Facebook’s big Libra announcement certainly gave everyone in crypto and everyone who deals with money — okay, just everyone — a lot to discuss. The tech giant released more than a couple dozen documents and files covering everything from the basic white paper to the details about “state machine replication.”
There was one main question both in and outside the crypto world, including on regulator’s minds: How would Facebook, which has made several major privacy blunders — and, especially early in the company’s history, has sometimes had a cavalier attitude toward privacy — handle users’ financial data? On this week’s Unconfirmed, I put these questions to the Libra Association’s Dante Disparte. Be sure not to miss this episode!
Meanwhile, the crypto community, including Andreas Antonopoulos, viewed the effort as competing with the banks. But the impact on Bitcoin and Ethereum seemed less clear. Many, including Facebook’s David Marcus, view Libra as staking out a separate niche from Bitcoin. (Marcus headed up the team that created Libra and is now in charge of Calibra, the wallet service Facebook is building on top of Libra.) Meanwhile, the Ethereum community can’t help but note the technical similarities between Libra and Ethereum, which seems to be validation of Ethereum’s technology. However, that made sentiment more mixed on Ethereum’s long-term ability to compete against Libra. The community leaned more pessimistic on the prospects of Ripple and Stellar to compete, since they’re targeting similar markets to Libra. I’ve rounded up the best of the various takes below.
- Scroll down to the end of this page for several of the details on the Libra Association, the blockchain, the reserve, etc.
- Wired gives some of the back story to how it came together.
- USV gives a rather unenthusiastic explanation for its investment in Libra: “we don’t really know what path will take us to a decentralized future and therefore have to try many things.”
- Does it work yet? Nope.
- Jameson Lopp breaks down the technical details.
- Regulators raise concerns here and in France.
- In big news that came out after I recorded Unconfirmed with Dante, the Bank of England intends to allow non-banks to store funds at the central bank, according to the FT. (Twitter recap here.)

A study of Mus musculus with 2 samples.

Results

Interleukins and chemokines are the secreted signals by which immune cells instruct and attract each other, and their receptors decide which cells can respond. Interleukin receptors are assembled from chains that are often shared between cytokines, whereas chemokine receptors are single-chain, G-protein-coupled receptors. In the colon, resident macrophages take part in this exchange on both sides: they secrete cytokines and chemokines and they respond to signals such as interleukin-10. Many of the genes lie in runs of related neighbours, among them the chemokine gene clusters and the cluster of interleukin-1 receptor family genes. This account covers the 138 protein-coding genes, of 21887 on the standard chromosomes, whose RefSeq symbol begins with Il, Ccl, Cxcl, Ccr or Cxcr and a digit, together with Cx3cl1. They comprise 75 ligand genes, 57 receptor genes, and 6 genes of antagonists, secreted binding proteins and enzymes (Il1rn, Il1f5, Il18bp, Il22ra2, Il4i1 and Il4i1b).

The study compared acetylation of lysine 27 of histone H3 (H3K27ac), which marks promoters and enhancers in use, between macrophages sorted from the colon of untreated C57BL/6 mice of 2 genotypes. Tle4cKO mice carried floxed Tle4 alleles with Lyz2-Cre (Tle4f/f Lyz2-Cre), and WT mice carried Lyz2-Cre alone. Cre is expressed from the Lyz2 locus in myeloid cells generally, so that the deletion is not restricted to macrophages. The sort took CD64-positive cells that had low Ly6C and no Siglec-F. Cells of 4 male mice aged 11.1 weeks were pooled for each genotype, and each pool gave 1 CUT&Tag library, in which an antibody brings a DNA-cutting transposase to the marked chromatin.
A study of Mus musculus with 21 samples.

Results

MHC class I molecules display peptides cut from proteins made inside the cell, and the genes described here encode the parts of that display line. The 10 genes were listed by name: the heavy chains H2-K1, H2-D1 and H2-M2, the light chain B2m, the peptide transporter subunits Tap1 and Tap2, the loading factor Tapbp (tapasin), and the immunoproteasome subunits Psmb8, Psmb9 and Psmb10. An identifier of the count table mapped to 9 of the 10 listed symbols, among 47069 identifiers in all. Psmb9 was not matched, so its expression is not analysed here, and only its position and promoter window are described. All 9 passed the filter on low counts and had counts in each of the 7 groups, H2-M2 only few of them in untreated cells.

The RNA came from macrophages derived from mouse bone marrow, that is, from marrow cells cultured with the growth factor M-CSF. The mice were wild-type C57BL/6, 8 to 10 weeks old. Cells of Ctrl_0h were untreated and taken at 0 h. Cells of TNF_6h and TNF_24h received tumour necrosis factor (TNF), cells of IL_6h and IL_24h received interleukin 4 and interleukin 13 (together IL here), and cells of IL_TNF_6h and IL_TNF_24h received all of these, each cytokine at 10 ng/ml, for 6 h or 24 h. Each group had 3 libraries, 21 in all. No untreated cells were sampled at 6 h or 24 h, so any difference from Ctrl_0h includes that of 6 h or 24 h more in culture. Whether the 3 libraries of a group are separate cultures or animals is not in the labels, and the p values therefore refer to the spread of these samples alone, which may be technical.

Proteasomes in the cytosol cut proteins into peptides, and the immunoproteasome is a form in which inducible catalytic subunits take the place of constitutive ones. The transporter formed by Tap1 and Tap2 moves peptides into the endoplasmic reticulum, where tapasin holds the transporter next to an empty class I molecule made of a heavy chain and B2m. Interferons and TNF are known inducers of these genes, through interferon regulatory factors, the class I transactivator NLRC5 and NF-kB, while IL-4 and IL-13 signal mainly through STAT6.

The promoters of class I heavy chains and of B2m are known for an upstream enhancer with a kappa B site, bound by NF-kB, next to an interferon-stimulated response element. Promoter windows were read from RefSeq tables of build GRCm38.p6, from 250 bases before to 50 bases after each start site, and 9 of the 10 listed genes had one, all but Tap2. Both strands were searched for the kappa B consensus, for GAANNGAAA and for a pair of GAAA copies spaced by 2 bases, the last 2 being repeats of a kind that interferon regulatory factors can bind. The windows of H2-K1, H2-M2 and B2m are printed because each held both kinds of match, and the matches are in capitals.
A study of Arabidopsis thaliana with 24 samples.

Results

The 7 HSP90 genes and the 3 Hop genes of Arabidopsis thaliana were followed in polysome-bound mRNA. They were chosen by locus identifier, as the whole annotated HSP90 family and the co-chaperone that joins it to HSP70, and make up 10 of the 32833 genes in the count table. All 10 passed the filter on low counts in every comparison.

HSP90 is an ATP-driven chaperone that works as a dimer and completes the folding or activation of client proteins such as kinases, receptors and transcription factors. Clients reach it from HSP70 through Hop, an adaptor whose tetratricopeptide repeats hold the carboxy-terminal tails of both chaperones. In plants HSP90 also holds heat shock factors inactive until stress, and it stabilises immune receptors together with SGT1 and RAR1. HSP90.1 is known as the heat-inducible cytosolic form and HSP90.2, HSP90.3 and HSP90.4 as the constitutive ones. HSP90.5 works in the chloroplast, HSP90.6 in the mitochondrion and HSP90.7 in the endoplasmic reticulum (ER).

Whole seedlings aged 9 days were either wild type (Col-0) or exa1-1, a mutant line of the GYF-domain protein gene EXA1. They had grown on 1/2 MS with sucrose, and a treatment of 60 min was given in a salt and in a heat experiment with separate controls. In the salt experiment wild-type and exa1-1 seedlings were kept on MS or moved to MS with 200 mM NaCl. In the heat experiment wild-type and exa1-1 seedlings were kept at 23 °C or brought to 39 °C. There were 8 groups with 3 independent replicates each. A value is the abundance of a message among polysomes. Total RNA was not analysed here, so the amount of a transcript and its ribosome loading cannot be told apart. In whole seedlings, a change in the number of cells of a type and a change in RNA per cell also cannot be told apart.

- Eric Wall breaks down four ways the showdown between regulators and crypto will play out — and how any of these outcomes could impact Bitcoin.
- Jerry Brito of Coin Center raises questions about how it will go from permissioned to permissionless: “Perhaps I lack imagination, but I don’t see how one decentralizes control of the Reserve, or (alternatively) how a DAO legally opens, owns, and manages accounts at financial institutions. As long as it’s centralized, the Association will retain outsized power.”
- Bitcoin maximalist Saifedean Amous gives an interesting take on why Bitcoin and Libra don’t compete (which seems reasonable), eventually concluding that Libra will need to rely on Bitcoin to succeed (which seems farfetched).
- Meanwhile, Amir Taaki throws cold water on Bitcoiners trying to spin this as a positive development.
- Also — glad James Foust at Coin Center raised this — how in the heck are people supposed to calculate their taxes on this?
- Jill Carlson wraps up the analysis of Libra succinctly.
According to Toronto litigator Evan Thomas, “The biggest bombshell, foreshadowed in earlier reports, is that Cotten set up fake accounts, funded them with hundreds of millions of dollars of fiat and crypto that didn’t exist, bought real crypto from users and then moved the crypto off Quadriga.” Paul Vigna’s WSJ give this recap.
After its first token auction, Algorand’s market cap was just behind Ethereum’s, reminding some people of 2017. But a year from now, they may end up having to give a lot of that money back, as Matteo Leibowitz of The Block points out.
However, Coin Center is concerned about the vagueness of some definitions.
In alpha; available on iOS and Android.
This is one of just several moves the Finnish company has made recently to appease regulators.
Gemini vs. Libra … (and don’t forget about LEO). Plus, Libras gru mble about Facebook’s choice of name.